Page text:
Irish Prime Minister Enda Kenny will attend a Remembrance Day ceremony in Enniskillen, Northern Ireland on Sunday. The County Fermanagh town, which was hit by two of the worst bombing outrages in the history of the Troubles, will mark the 25th anniversary of the IRA Poppy Day bomb blast that claimed 12 lives.
According to the BBC on the same day an Irish government minister will participate in the annual Remembrance Day service for the war dead in Belfast, for the first time in the history of the state.
Irish Minister for Foreign Affairs Eamon Gilmore is scheduled to lay a wreath at Belfast City Hall cenotaph. The annual Belfast ceremony is jointly organized by Belfast City Council and the Royal British Legion.
In January of this year the council passed an unprecedented resolution inviting the Irish government to participate in events to mark both the anniversary of Battle of the Somme and Remembrance Sunday.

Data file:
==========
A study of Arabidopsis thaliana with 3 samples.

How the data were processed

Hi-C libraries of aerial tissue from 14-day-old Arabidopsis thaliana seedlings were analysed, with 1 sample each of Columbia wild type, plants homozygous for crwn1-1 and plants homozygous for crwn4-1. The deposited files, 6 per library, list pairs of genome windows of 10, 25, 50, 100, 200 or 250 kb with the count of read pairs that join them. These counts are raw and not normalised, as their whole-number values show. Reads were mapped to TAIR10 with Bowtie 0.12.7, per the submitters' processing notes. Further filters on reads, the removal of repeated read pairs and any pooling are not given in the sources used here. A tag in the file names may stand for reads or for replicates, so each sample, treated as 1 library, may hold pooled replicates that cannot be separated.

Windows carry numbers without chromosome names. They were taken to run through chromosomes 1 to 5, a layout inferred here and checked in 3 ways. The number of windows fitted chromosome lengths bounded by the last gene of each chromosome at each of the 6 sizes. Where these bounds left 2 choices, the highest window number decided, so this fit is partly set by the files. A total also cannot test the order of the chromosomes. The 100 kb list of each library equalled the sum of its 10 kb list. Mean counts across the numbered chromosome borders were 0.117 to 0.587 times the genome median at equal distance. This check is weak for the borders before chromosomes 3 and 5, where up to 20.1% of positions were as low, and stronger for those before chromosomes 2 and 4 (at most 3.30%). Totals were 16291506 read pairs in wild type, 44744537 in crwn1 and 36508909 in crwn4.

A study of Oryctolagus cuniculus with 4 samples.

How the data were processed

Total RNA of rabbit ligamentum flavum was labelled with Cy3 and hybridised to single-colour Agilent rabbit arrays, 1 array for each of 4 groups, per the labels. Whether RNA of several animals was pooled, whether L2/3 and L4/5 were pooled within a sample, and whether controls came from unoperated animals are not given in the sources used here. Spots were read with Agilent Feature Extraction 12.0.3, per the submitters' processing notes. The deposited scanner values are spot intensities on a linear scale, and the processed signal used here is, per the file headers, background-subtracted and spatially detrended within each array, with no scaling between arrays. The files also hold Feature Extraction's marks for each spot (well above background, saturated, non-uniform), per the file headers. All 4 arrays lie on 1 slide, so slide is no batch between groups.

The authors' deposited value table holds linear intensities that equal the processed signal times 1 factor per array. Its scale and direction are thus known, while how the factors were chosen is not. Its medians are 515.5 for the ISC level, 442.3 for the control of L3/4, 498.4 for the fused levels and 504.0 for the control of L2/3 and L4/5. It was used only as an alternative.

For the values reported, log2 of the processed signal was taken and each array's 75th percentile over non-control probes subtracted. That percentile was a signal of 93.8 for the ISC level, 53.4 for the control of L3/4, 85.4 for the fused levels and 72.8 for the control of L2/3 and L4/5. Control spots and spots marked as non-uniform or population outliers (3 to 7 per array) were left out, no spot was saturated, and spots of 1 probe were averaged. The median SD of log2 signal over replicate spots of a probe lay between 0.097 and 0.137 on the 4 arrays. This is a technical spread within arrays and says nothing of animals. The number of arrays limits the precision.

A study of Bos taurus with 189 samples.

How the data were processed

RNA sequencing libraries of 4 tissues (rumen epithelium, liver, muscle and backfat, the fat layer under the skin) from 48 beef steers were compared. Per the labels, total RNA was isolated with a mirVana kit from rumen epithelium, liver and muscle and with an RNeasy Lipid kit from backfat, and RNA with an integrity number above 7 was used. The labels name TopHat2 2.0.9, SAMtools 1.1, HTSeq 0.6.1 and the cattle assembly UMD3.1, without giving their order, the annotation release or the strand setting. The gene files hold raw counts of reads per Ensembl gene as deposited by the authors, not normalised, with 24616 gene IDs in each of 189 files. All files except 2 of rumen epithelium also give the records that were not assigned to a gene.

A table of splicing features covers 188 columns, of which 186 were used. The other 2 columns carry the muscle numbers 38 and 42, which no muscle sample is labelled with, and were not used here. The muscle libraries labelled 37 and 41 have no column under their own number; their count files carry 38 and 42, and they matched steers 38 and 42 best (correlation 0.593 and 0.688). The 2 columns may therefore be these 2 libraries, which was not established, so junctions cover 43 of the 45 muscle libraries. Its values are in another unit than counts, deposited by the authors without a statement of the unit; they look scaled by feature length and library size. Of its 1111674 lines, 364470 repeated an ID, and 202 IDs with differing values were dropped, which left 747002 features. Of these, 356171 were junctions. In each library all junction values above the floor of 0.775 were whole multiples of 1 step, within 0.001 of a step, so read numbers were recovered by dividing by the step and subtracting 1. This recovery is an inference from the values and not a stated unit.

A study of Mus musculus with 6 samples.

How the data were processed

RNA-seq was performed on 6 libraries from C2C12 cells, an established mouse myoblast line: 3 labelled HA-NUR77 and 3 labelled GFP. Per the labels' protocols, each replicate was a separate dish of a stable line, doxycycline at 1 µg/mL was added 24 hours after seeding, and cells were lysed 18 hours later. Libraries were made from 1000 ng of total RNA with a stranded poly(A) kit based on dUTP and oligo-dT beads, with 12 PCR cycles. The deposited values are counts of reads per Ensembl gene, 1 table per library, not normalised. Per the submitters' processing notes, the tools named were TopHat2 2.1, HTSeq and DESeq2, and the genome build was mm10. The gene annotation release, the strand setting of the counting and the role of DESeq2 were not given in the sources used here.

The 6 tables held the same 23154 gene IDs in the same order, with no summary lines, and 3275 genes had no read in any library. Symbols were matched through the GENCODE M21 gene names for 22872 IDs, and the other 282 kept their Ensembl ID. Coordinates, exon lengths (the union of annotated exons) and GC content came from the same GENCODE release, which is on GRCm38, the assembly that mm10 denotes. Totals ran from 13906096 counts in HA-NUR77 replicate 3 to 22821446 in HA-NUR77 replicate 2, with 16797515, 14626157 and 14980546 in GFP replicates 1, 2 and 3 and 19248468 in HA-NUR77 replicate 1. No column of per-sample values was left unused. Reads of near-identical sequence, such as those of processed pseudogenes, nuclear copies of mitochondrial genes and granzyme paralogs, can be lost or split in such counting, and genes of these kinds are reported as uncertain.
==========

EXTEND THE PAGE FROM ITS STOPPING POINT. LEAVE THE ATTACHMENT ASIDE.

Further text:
On 1 July Irish Minister for Transport Alan Kelly became the first member of the Republic's government to take part in the annual Somme commemorations at Belfast City Hall. Kelly laid a laurel wreath at the cenotaph in memory 'of those lost a the Battle of the Somme, on behalf of the government of Ireland.'
Speaking at the the ceremony at the time, Kelly said it was important to 'acknowledge the sacrifices that have been made, not just in this jurisdiction but also the Republic.' Soldiers from both the 36th (Ulster) and 16th (Irish) divisions fought in the battle between 1 July and 13 November 1916.
Over over 3,500 Irish soldiers died at the Somme. Nearly 2,000 soldiers from cities, towns, villages and town lands of the North were killed in the first few hours. The 16th Irish Division had 4,330 casualties, of whom 1,200 were killed. These came mainly from the other three Irish provinces.